Plenty of student-athletes excel in more than one sport in high school. However, when it comes to college recruiting, most opt for their stronger sport and focus their efforts there. But there are many student-athletes who pursue more than one sport in college, too. And if you want to continue in more than one sport when you get to college, there are a few things you should know.

Know Your Strengths

If you play two different sports, but you’re getting more recruiting interest in one than the other, then obviously the stronger sport is where you should pay more attention. Focus your efforts on getting recruited and earning a scholarship in your stronger sport, but make sure coaches know of your desire to participate in another sport as well. Depending on the sports and the schools, your scholarship eligibility in one sport could make you a more valuable recruit to the other sport’s coach. If you truly want to pursue two sports in college, understand where you have a better chance for a scholarship first, then look for the schools and coaches who appreciate what you have to offer as a multi-sport athlete.

Know The Recruiting Calendars

If you’re being recruited for two different sports, and you want to pursue both in college, remember that the recruiting calendars may differ based on each sport. If you’re getting more recruiting interest in one sport than the other, that could simplify your recruiting decision. However, if you’re drawing coaches for both sports, things could get a bit more complicated. To minimize any potential complications, be upfront with every coach about your desire to pursue two sports.

Know The Sacrifices You’ll Have To Make

At the highest levels of Division I, the year-round demands of college athletics can feel like a full-time job with a full academic course load to manage as well. Playing a second sport potentially means you’d have the equivalent of two full-time jobs, not much rest time between the two, and a full course load. So, while you’ll have to balance two sports with academics, it’s likely you won’t have time for too many social activities, clubs, or anything else that’s not sports or school related. Before committing to play two sports in college, make sure you want to juggle the demands and that you’re OK with forgoing some elements of the typical college experience.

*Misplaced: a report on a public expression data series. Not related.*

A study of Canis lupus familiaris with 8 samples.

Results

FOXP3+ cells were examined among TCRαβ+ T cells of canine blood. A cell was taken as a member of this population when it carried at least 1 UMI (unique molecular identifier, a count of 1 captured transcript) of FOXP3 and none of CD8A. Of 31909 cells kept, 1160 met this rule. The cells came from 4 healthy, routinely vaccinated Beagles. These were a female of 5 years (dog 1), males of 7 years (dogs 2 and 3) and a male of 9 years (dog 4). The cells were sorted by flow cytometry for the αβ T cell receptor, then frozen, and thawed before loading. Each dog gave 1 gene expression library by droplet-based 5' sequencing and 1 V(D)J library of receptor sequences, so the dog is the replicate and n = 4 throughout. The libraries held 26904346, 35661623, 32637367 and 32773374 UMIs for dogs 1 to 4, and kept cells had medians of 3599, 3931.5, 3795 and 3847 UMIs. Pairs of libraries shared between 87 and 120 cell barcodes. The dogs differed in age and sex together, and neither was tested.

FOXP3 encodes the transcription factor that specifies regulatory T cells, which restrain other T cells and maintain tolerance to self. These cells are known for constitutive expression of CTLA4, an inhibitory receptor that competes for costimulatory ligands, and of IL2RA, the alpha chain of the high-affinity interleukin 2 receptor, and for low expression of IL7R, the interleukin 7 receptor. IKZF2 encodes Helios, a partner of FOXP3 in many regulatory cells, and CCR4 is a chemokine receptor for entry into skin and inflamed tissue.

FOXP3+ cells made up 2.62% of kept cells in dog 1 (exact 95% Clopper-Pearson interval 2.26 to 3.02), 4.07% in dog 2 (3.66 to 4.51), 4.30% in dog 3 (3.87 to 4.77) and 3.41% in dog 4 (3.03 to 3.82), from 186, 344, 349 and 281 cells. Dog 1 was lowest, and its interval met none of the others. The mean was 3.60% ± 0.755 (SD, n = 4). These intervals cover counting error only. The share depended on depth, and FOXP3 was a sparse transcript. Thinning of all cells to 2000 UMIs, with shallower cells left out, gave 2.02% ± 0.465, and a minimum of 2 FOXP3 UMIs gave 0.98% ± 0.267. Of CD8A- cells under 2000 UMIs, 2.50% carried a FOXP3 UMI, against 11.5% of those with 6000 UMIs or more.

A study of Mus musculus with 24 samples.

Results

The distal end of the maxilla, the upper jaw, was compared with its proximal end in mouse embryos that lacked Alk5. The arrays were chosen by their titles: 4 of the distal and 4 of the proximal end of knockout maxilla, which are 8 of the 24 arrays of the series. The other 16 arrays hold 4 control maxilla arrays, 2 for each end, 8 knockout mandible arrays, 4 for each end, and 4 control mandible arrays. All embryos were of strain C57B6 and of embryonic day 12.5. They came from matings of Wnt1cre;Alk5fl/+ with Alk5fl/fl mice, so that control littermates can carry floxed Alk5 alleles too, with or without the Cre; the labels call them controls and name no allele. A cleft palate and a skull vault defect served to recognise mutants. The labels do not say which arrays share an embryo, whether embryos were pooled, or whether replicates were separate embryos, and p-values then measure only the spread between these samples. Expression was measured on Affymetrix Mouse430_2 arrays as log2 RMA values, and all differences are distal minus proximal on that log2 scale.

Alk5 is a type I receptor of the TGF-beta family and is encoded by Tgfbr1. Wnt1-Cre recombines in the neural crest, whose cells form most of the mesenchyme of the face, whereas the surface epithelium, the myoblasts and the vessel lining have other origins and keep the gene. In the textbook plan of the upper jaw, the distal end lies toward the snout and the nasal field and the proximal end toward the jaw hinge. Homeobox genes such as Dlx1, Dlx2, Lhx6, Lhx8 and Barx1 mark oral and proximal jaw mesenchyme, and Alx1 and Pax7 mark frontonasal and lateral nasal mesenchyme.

Know What You Want

As noted above, if you’re willing to go without some of the trappings of traditional college life to play two sports, then go for it. But if you want a more rounded college experience, then maybe consider schools in Division II, Division III, or the NAIA. Division II and the NAIA offer high-end, athletic competition and scholarship opportunities, but without the big business pressures prevalent in Division I, so you’d have more time for other things. Division III offers the best opportunities to be a multi-sport athlete and still enjoy other campus activities, but DIII schools don’t offer athletic scholarships. But, DIII schools do offer ample academic aid, so, if you want to be a multi-sport athlete at a DIII institution, make sure your grades stay up. 

Know Your Recruiting Plan And Stick To It

Now that you know what you need to know to become a multi-sport athlete in college, don’t just assume everything will fall into place. Put a plan together to make your recruiting process successful and stick with it. A desire to play more than one sport in college means you need to put in double the effort and research to help in your recruiting. Know your stronger sport, know the recruiting calendars, know what your college life will be like, and, ultimately, know what you want out of both sports and the schools you’re interested in.